Raviol-o, you ask? Yup, because it’s just one. And how, you wonder, do you justify serving just one raviolo on a plate? Well, when the ravioli is about 4 1/2 inches in diameter and houses not only a hefty portion of truffled ricotta but an entire farm egg? Yup, that’s how! So without further ado we introduce to you to Ravioli di Uovo, a single ravioli made with a whole raw egg yolk that cooks for a mere a minute and then oozes as you break into it with your fork.
The idea arose while planning for an epic New Year’s Eve feast defined by “indulgence.” The initial idea was to fly in a white truffle from Italy and serve simply with fresh linguine, a bit of butter and parmesan. Unfortunately, the white truffle season ended early and the exorbitant prices made us re-think this indulgent pasta dish. Next on the list? The Raviolo di uovo, suggested by Mike of Rooftop Gourmet. For a meal that revolves around all things glamorous and decadent, his suggestion seemed just the thing, and I happily took on the challenge.
While the egg is certainly the star of this dish, you can’t forget about the cheese. So off to South End Formaggio I went to buy our favorite ricotta from Narragansett Creamery, parmesan, and of course, some farm fresh local eggs.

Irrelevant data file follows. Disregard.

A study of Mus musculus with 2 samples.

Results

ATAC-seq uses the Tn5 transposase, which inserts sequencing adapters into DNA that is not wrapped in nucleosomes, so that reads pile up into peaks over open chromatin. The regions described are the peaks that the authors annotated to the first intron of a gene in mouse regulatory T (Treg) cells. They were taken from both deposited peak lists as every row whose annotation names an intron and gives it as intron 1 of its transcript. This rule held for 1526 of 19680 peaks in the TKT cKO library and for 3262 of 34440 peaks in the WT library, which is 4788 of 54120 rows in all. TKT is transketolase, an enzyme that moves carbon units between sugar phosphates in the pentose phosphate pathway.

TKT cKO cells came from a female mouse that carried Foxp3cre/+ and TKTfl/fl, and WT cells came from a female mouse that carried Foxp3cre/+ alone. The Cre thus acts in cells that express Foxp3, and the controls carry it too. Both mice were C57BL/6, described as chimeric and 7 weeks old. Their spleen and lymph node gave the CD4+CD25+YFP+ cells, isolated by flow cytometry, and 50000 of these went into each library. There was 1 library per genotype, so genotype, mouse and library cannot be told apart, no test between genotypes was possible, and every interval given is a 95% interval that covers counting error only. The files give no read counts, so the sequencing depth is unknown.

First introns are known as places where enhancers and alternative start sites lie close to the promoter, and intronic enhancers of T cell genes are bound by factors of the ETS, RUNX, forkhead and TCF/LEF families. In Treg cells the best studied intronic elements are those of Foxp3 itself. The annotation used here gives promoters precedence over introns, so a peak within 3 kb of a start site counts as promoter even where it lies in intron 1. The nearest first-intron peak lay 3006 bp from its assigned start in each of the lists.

The filling was composed of just a few quality ingredients: ricotta, freshly grated parmesan, salt, pepper, sliced black truffle in olive oil (I had a sample in the pantry that I’ve been eyeing for over a year now) and freshly grated nutmeg.
Next came the dough. Since I made the pasta by hand, I altered the Nella recipe a bit to include more all-purpose flour which is much easier to work with if you aren’t using a machine. Once the dough was rolled out, I used a glass I had in the house to trace a circle, piped in the filling and oh-so-carefully dropped in the yolk from a separated egg.
This is one of those don’t-stomp-touch-anything-breathe-etc. recipes where you just need to concentrate on being super careful with the ultra fragile egg. The result was worth it. Once topped with another layer of pasta, I was left with a beautiful raviolo, filled to capacity with a brilliant orange egg yolk still entact, visible from the thin sheet of dough that covers it. I treated the ravioli (now were talking multiple ravioli, so the -i works) like tiny sleeping babies on the walk over to Mike’s, walking carefully and not letting a sole touch them until it was time to cook.
When the time came, the ravioli took a quick 1 minute swim in boiling water, then another minute in some bubbling butter with thyme and reserved mushroom liquid and then for the shining moment…..the fork pierced the yolk and just as we had been anticipating from the moment the recipe came to mind, the gorgeous ooze of the semi-raw farm egg.
Sometimes I laugh when food is referred to as sexy…but this, my friends, defines sexy food. Try these at home and I promise you won’t be disappointed. Thanks Rooftop Gourmet for the inspiration to create this incredible dish!